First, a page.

The law relating to the supply and use of mini-motos, powered mini scooters and quadricycles.
Use on the road
Only vehicles which have European Whole Vehicle Type Approval and which comply with vehicle EMC (electro-magnetic compatibility) requirements may be used on the road. They would then also need to be taxed and insured, have a valid MOT certificate and the user would need to wear appropriate protective equipment such as a crash helmet. Most of these products are not capable of meeting these requirements and they cannot therefore be used on the road. Further information on where they can be used is given later.
General product safety
As with all goods, these types of vehicles must be safe. It is the responsibility of everyone in the supply chain from manufacturer, through importers and wholesalers, to the retailers to ensure that the goods they supply are safe. When deciding if goods are safe, you need to take into account a range of factors, including:
- Product design.
- Build quality.
- Strength of the product.
- Age and capabilities of the user.
- Instructions for use and maintenance.
- Warnings including the need for the user to wear appropriate protective equipment, have appropriate training and where appropriate to be used only under adult supervision.
- The hazards associated with the product.
- Compliance with appropriate standards (see below).
- Reasonably foreseeable use, including likely misuse.
Which standards apply to these products?
BS7407:1991 Specification for vehicles directly propelled by energy derived from a fuel, capable of carrying children. EN71 Toys Although these products are not toys, they are highly likely to be used by children. Therefore some provisions of this standard may be appropriate. MOT standards It may also be appropriate to look at some of the standards in the MOT.
All-Terrain Motor Vehicles (Safety) Regulations 1989
These regulations prohibit the supply of three wheel all terrain motor vehicles (ATVs) and four wheel ATVs designed for use by children under 12. Those ATVs for children aged between 12 and 14 must have a speed limiter fitted and fully functioning when it is supplied and have a warning label stating that it is not suitable for children under 12. The regulations also prohibit the supply of any regulated vehicle which has four wheels and is designed or intended for use by children under twelve or by persons aged twelve or over but under sixteen unless the requirements set out in regulations four and five respectively are met. These requirements are that four-wheeled regulated vehicles must have a maximum speed capability and be fitted with a regulator which is in operation when the vehicle is supplied and which ensures that the vehicle travels at a speed less than the maximum of which it is capable. Four-wheeled regulated vehicles designed or intended for use by persons in the older age group must in addition have a warning label that the vehicle is not suitable for a child under 12 years.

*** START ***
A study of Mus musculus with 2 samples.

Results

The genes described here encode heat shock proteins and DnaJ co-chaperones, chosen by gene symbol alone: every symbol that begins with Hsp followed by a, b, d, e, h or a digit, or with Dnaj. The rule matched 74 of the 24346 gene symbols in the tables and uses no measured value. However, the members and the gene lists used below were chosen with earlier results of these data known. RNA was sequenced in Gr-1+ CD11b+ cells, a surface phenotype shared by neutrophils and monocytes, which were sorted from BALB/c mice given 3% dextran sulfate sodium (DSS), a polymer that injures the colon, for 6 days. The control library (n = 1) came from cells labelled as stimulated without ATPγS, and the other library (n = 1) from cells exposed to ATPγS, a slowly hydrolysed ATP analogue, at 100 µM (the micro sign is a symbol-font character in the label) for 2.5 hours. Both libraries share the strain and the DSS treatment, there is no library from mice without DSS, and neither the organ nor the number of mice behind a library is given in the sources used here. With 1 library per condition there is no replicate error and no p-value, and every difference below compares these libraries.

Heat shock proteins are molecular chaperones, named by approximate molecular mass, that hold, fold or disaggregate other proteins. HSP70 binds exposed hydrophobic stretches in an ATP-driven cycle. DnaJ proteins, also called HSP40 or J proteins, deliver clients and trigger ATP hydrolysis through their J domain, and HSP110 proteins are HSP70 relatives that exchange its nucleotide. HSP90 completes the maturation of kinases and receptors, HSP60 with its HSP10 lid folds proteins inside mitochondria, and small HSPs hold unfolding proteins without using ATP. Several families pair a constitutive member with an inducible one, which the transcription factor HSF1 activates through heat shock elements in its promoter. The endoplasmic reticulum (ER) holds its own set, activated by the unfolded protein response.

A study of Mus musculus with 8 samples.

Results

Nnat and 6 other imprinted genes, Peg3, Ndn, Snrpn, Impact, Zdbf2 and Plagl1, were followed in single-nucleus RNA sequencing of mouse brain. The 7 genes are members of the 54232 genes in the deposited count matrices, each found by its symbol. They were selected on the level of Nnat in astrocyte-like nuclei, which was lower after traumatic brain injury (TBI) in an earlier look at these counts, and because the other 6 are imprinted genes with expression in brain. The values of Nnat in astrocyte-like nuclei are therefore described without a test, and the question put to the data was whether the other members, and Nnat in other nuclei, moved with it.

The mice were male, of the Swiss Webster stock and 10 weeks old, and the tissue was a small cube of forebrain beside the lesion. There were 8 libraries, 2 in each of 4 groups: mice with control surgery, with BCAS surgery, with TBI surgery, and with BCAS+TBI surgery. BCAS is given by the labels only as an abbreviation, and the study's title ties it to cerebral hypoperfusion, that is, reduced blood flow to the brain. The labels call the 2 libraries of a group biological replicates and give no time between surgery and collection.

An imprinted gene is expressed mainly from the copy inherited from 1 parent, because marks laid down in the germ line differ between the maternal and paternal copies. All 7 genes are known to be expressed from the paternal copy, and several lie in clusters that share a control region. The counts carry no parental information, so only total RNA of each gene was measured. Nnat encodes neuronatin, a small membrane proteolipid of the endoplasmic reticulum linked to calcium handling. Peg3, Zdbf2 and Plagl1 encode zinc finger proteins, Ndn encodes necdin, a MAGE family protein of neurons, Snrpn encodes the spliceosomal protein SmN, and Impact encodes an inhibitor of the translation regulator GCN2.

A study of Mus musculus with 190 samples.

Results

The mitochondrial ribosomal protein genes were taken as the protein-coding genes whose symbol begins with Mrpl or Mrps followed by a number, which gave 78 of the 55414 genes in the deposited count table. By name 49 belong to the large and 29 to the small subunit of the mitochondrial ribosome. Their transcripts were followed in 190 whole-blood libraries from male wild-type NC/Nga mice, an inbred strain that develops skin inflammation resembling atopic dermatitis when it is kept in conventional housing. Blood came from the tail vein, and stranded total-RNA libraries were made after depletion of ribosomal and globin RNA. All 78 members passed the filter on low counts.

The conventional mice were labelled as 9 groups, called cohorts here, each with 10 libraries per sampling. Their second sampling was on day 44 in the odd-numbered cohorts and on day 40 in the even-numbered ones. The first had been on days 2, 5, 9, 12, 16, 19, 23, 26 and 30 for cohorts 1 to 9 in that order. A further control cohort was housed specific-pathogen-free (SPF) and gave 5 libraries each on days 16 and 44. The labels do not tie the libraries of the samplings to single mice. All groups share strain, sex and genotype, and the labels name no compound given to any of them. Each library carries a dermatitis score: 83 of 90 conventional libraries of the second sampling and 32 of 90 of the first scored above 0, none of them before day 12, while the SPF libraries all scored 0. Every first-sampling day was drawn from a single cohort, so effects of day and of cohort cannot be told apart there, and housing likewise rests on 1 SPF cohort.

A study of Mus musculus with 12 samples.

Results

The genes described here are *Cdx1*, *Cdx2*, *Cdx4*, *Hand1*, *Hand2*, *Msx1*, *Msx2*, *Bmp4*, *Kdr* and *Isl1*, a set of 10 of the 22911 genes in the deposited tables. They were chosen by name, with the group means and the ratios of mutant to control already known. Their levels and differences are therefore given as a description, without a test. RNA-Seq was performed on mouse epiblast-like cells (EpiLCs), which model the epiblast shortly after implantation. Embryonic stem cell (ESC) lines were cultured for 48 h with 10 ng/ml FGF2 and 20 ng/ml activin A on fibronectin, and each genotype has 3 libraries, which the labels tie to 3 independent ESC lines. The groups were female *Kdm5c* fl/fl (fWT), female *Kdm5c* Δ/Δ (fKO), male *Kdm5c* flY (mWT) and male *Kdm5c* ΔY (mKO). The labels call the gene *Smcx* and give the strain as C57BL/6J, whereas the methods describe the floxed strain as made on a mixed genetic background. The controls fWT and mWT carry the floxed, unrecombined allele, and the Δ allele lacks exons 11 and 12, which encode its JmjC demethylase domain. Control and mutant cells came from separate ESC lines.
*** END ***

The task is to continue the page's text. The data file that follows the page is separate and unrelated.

Are there any exemptions?
- Toy vehicles which are usually intended for young children and which comply with the requirements of the Toy Safety Regulations and EN 71. They are battery powered and have a maximum speed of 8 km per hour.
- Electrically assisted bicycles which comply with the requirements of the 'Electrically Assisted Pedal Cycle Regulations 1983'. There has been a case in the courts which held that the pedals must be capable of propelling the cycle.
- Vehicles which meet all the requirements of the road traffic legislation.
Where can these vehicles be used?
As the vast majority of these vehicles cannot meet the requirements for use on the highway, they can only be used on private land with the owner's permission. As well as the roads and pavements, the highway includes private land to which the public normally have access e.g. car parks and playing fields.
In some areas there are sites designed for members of the public to take such vehicles for use. However, they cannot be used on the roads to get there. If the police find people using these products in places where they shouldn't or in an inappropriate manner, they can and do seize them from the person using them and other penalties may apply.
What does this mean for businesses?
When you are selling such vehicles, you cannot sell them as suitable for use on the road. If you do, then you may commit an offence under the Trade Descriptions Act 1968. You must ensure that they are safe or you may commit an offence. Although it may be helpful to do, it is not sufficient to just put a sticker on the vehicle stating 'not for road use'. You should take additional steps to make sure the buyer understands where and how they can be used. Whilst this list is not exhaustive, these steps might include:
- Ask the buyer about who is going to use the product and what age they are.
- Ask about where they are going to use it.
- Give them a leaflet explaining about where and how they can be used.
For more information, please contact Leicestershire County Council Trading Standards.